This Week in History
Memorial to a Nation
For the week of Monday July 21, 2003
On July 26, 1936, King Edward VIII and tens of thousands of people looked on as the Canadian National Vimy Memorial was inaugurated in France. Erected on the site of the famous Battle of Vimy Ridge, the monument is a tribute to Canadian soldiers who fought in the First World War.
In October 1921, a Canada-wide competition was held to choose the plans for a monument in memory of these soldiers. From among the 160 projects submitted, Toronto architect and sculptor Walter Seymour Allward’s plan was chosen. In 1922, France granted Canada free use of the 107 hectares of land that surround Vimy Ridge in gratitude for Canada’s sacrifices during the First World War. The Canadian government decided to turn this land into a commemorative site for the 600 000 men who served the country during the four years of conflict, and especially for the some 66 000 who lost their lives in battle. The government erected the monument designed by Allward on this land.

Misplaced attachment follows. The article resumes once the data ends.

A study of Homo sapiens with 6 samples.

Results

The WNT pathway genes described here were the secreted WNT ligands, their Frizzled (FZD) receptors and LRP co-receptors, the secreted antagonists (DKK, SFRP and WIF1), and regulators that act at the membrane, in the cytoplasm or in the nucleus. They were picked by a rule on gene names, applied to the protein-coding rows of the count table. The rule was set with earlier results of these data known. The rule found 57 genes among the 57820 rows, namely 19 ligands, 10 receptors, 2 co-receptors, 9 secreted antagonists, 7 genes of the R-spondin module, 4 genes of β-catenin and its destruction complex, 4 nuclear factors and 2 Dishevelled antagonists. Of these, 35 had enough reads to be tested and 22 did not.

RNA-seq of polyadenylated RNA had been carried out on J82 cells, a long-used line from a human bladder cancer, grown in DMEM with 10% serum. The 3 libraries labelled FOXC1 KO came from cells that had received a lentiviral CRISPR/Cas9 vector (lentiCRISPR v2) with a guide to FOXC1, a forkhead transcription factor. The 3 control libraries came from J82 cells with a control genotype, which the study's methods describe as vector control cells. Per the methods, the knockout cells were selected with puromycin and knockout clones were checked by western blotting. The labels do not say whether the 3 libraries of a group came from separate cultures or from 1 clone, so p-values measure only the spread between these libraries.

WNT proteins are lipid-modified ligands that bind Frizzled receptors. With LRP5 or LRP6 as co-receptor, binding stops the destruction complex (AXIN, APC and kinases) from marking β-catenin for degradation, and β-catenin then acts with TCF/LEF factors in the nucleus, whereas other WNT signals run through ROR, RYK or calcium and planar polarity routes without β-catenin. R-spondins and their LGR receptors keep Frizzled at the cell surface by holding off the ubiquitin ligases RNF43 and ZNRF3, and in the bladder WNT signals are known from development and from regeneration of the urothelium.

Construction of the monument began in 1925 and finished 11 years later. It was built on the highest point of the Ridge, Hill 145, and rests on a foundation of approximately 15 000 tonnes of concrete, reinforced with hundreds of tonnes of steel. The excavation had to be done with great care as the ground was still littered with live bombs and shells. The base and pylons are made from a special type of limestone imported from Yugoslavia. The 20 figures that grace the monument were actually carved where they now stand from huge blocks of this stone.
Allward once said that his inspiration for the monument came to him in a dream. The two 27-metre-high pylons represent Canada and France – two nations united in war. Facing the battlefield, the sculptures of a male and female mourner represent the Canadian families who lost their sons. At the top of the pylons are the Statues of Justice and Peace, and below, other figures symbolizing Truth, Knowledge, Faith and Charity. Engraved on the walls of the monument are the names of the 11 285 Canadians who were killed in France during the First World War and whose final resting places are unknown. The following words are inscribed at the base of the monument: “To the valour of their countrymen in the Great War and in memory of their sixty thousand dead this monument is raised by the people of Canada.”
To find out more about the Battle of Vimy Ridge, please read This Week in History archives: Canadian Victory at Vimy!
For more information on the Canadian National Vimy Memorial, visit the Veterans Affairs Canada Web site.